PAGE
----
The botched execution of Clayton Lockett in Oklahoma this week is yet more evidence that the death sentence is barbaric and has no place in a civilized society.
The events occurring in Chibok are sickening, as is the minimal media coverage. This supposed insurgency in Birmingham is alarming, but the fact that such events are occurring highlights resistance within the female community. Women all over the world risk their lives every day by sending their daughters to school or attending themselves.
Of course the NHS needs reform. Corruption, where it appears, must be rooted out. No one argues against that. And no, I don't have any answers. But I know is this: we must protect what's left of the NHS. Protect it against the encroachment of hedge funds; cease selling our medical data to private companies so that they can make products to sell back to us.
Workers explained their circumstances. As we sat with them in the terribly overcrowded 'bedrooms' many wept from sheer frustration. Returning home to massive debts chalked up by payment to labour agents is a humiliating prospect that has led some migrant workers to take their own lives. Agents actively recruit workers in poverty stricken and jobless countries. I wondered about the men I met who will return home alive or uninjured, who will repay their debt and who will survive the shame if they "fail". I looked workers in the eye and felt immense anger at the betrayal of their human rights.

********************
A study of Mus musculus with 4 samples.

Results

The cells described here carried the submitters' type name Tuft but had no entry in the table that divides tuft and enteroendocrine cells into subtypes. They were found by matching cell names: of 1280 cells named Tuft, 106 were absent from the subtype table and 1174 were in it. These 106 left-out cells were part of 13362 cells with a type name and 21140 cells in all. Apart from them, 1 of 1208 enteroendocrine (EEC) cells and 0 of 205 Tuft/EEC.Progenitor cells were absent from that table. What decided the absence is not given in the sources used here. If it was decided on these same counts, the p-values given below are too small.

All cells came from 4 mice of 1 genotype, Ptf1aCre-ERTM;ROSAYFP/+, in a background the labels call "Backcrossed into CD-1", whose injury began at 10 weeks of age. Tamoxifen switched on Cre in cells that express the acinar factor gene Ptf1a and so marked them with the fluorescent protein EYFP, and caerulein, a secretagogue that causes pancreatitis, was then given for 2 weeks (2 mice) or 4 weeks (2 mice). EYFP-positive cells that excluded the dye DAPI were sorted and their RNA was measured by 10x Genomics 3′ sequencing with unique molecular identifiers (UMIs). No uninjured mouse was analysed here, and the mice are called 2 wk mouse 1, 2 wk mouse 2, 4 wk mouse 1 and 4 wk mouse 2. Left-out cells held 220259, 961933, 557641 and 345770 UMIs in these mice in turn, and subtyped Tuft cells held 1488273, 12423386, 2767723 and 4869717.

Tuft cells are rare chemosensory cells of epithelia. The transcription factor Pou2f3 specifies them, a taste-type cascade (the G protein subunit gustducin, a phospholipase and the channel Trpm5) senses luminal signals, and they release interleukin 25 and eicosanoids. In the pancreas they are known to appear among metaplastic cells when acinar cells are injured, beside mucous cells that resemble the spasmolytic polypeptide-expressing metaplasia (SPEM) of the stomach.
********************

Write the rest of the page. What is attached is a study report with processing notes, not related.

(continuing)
This World Malaria Day we have the opportunity to continue to dismantle malaria's grip on African households and indeed entire economies. In doing so, we will help release the potential of future generations to flourish and move our world decisively to a healthier, more stable and prosperous future.
I've been supporting an amazing lady called Afusat since the New Year. With her solicitor's help, we have followed all procedures correctly. Fresh evidence and recent case law was submitted. Yet two weeks later, a short response came back, to say that her case had 'No merit', that she cannot appeal from within the UK and that she must return to Nigeria.
The true significance of the death penalty is as a symbol of man's inability to create a completely peaceful and civilised society. We can blame violent video games and television programmes for the violent crimes that appear in the news every month, but until we abolish a punishment that legally acknowledges violence as a viable means of justice, problems will continue to persist.